AHA 2016: Transcatheter atrial shunt benefits persist through one year in treatment of heart failure patients with preserved ejection fraction


Twelve-month results of the REDUCE LAP HF (Reduce elevated left atrial pressure in patients with heart failure) trial have shown both continued device patency and sustained clinical benefits at one year following implantation of a transcatheter atrial shunt.

The late-breaking clinical trial, presented by principal investigator David Kaye (Alfred Hospital, Melbourne, Australia) at the American Heart Association (AHA) scientific sessions (12–16 November, New Orleans, USA), confirm the continued safety and efficacy of the device following the publication of positive six-month data in The Lancet in March 2016.

Elevated left atrial pressure is a virtual certainty among heart failure with preserved ejection fraction (HFPEF) patients, particularly during exercise. The authors note its incidence as “a near-universal finding” amongst this population, and “a key contributor to morbidity and mortality”. Whilst drug treatment has been shown effective in treatment of other kinds of heart failure, effective medical treatment for HFPEF has proven elusive. Observing the chronicity of the condition, the authors aimed to confirm that positive feasibility earlier results for the novel interatrial septal shunt device (IASD, Corvia Medical) could be sustained in the longer term.

According to a press release from the American Heart Association, the device “facilitates continuous and dynamic decompression of the left atrium by creating a small communication between the upper chambers of the heart.” An earlier computer simulation of the new product predicted that an 8mm shunt device would induce acute left atrial decompression during exercise. Sixty-four patients were implanted with the device, according to inclusion criteria of a left ventricular ejection fraction ≥40%, a New York Heart Association (NYHA) class of II-IV and an elevated pulmonary capillary wedge compression measurement of ≥15mmHg at rest or ≥25mmHg with supine bicycle exercise.

Device safety was assessed according to major adverse cardiac, cerebrovascular and systemic embolic events (MACCE). At six months, zero participants had died or experienced stroke, myocardial infarction, a systemic embolic event, or required implant removal. At one year, three patients (4.7%) had died, one of whom (1.5%) had experienced stroke.

Device performance was measured by echocardiogram or oximetry, with patency confirmed at one year in 54 participants. Left-to-right shunt flow was confirmed by echocardiogram in 100% of patients at six-month (n=49) and one-year (n=48) follow-up. Right-to-left shunt flow was not demonstrated in any patients at either time point. Pulmonary-systemic flow ratio (Qp:Qs) was 1.27%±0.24% at six months, and 1.28%±0.25% at one year.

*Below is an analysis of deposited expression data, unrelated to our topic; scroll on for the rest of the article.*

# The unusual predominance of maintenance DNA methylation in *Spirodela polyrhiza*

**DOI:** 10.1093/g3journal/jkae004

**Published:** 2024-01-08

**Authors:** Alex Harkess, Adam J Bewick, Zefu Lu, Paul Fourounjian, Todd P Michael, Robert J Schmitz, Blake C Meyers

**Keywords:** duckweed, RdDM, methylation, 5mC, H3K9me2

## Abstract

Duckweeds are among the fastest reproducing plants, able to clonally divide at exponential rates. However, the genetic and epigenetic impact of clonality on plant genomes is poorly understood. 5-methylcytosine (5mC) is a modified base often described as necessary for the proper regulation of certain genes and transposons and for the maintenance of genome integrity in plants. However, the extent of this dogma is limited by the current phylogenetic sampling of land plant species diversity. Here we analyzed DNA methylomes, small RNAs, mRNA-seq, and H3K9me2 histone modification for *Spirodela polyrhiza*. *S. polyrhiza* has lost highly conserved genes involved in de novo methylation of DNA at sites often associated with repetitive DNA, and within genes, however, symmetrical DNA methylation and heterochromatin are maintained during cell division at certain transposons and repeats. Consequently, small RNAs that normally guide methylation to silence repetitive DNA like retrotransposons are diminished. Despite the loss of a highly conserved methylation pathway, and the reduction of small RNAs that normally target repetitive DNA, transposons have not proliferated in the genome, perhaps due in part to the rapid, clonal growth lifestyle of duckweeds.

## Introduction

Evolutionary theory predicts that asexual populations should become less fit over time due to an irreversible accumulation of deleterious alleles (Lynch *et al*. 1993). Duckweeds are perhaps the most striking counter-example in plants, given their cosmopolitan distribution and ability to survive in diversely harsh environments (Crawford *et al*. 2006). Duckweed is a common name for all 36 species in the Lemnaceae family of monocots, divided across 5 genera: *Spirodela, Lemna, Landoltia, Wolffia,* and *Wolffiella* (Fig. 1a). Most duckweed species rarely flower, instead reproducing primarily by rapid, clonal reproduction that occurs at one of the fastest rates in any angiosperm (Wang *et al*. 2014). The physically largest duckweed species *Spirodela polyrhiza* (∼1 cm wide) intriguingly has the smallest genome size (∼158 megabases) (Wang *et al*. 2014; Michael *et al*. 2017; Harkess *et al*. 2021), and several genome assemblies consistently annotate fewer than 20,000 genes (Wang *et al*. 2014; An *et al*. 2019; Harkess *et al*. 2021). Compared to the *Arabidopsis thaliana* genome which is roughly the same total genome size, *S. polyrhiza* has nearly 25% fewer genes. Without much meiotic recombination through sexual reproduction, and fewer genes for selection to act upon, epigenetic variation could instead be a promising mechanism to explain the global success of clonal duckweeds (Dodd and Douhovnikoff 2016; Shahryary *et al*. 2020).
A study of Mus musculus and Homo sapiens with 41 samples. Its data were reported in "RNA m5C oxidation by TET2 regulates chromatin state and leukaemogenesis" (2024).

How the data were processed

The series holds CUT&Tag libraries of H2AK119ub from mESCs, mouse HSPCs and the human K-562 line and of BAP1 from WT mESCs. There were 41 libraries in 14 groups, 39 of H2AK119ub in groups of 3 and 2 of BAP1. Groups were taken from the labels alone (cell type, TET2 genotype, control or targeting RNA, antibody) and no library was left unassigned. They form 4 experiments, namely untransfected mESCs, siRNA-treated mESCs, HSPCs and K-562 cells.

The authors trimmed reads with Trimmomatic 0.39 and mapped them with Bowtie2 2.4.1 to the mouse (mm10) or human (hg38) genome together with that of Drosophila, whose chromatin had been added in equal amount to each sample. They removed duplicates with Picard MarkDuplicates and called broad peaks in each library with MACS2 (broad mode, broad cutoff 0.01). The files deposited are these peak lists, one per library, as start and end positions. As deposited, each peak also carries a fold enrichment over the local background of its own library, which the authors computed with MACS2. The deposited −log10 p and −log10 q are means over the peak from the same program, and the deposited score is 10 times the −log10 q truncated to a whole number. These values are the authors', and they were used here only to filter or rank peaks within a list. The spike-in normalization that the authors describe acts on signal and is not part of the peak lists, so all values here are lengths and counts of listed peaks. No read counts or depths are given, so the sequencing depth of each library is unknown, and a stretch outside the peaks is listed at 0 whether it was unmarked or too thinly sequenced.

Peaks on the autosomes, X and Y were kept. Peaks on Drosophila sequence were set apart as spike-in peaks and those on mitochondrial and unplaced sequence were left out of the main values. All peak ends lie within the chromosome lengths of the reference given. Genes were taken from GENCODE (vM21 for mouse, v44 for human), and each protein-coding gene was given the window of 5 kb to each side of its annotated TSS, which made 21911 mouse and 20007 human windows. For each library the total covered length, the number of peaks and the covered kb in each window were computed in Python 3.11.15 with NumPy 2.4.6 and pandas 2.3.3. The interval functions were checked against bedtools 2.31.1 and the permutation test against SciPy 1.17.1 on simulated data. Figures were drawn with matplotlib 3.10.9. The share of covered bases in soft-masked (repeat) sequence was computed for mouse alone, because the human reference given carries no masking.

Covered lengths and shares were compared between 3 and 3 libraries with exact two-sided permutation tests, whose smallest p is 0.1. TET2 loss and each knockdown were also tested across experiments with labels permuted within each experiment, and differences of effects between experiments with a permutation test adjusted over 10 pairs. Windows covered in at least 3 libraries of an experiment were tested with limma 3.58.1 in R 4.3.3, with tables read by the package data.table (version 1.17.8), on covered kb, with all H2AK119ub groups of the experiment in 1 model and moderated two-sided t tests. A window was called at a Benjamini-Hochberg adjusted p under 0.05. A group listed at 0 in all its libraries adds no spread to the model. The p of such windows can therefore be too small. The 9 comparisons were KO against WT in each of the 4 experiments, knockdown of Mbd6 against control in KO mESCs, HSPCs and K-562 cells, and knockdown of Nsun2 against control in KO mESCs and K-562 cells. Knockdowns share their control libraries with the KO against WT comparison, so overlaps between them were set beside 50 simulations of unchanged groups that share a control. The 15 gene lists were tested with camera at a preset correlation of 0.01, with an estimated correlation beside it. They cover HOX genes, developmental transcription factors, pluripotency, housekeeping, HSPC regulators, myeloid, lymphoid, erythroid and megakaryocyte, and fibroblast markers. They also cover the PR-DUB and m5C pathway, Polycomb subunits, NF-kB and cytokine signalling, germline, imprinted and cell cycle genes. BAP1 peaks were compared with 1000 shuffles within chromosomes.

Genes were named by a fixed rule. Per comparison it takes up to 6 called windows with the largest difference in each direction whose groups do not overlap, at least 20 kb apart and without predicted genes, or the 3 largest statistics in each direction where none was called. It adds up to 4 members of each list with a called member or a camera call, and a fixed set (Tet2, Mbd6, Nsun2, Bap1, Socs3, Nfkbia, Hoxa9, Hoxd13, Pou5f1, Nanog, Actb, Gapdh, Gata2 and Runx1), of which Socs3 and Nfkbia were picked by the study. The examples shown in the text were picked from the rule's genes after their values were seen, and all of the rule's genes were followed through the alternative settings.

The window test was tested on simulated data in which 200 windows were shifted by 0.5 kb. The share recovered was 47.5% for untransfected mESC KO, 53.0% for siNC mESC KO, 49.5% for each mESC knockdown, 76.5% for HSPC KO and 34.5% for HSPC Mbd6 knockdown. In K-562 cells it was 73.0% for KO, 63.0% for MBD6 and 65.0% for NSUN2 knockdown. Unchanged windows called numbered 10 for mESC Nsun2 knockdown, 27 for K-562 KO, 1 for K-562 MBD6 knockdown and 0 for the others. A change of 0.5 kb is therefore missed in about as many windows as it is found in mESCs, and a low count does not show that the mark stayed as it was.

IASD

Clinical efficacy of the devices was shown at six months and persisted to one-year in NYHA class (NYHA; 2.7±0.5 at baseline, 2.1±0.7 at six months, 2±0.6 at one year; n=60, p<0.001), Minnesota Life with Heart Failure (MLWHF; 49.1±20.1 at baseline, 35.1±23 at six months, 34±33 at one year; n=59, p<0.001) score and six-minute walk distance improvements (331m±90m at baseline, 359m±100m at six months, 364m±92m; n=55, p<0.01). This translates to a 15 point average difference from baseline to one year of 15 points in mean MLWHF score, and an average difference of 33m between these time-points in six-minute walk distance.

Echocardiographic results showed statistically significant increases in right ventricle ejection fraction at six months (p<0.05), sustained to one year (p<0.001). Reductions in in left ventricular end-diastolic volume index were recorded at six months (p<0.01), with further reductions observed at one year (p<0.001). Significant increases in right ventricular end-diastolic volume index were observed at six months (p<0.001) and further increases at one year (p<0.001). The authors found no significant change in atrial volumes measured at one year post-implantation.

Invasive haemodynamic results also showed that six-month improvements in cardiac output had been sustained at one-year follow-up in patients with data at all three time-points. Amongst right atrial pressure, mean pulmonary artery pressure, wedge pressure and cardiac output, only the latter showed significant (p<0.01) changes from baseline (5.2mmHg±1.3mmHg) to six months (6.3mmHg±1.8mmHg), which was sustained to one year (6.7mmHg±1.8mmHg).

More significant results were seen in the exercise haemodynamic results. A significant increase (p<0.05) in exercise time was shown at six months, increasing at twelve months, with a significant result (p<0.01 vs. baseline) observed in workload at six months sustained to one year (p<0.01 vs. baseline). Cardiac output had increased significantly by six months (p<0.05), persisting to one year follow-up (p<0.01 vs. baseline).

No significant difference was noted in pulmonary capillary wedge pressure at either time-point. However, when work-indexed, significant decreases in pressure were observed at six months (p<0.05) and sustained through to one year (p<0.01 vs. baseline).

According to the authors, “implantation of an interatrial shunt appears to be safe with an acceptable MACCE rate through one year of follow-up”. With the maintenance of device patency and sustainment of clinical and haemodynamic benefits up to one year, the device shows initial promise. However, highlighting the chronicity of HFPEF, the authors offer caution alongside these results, concluding that “randomised trials are required and ongoing to determine the value of this novel strategy.”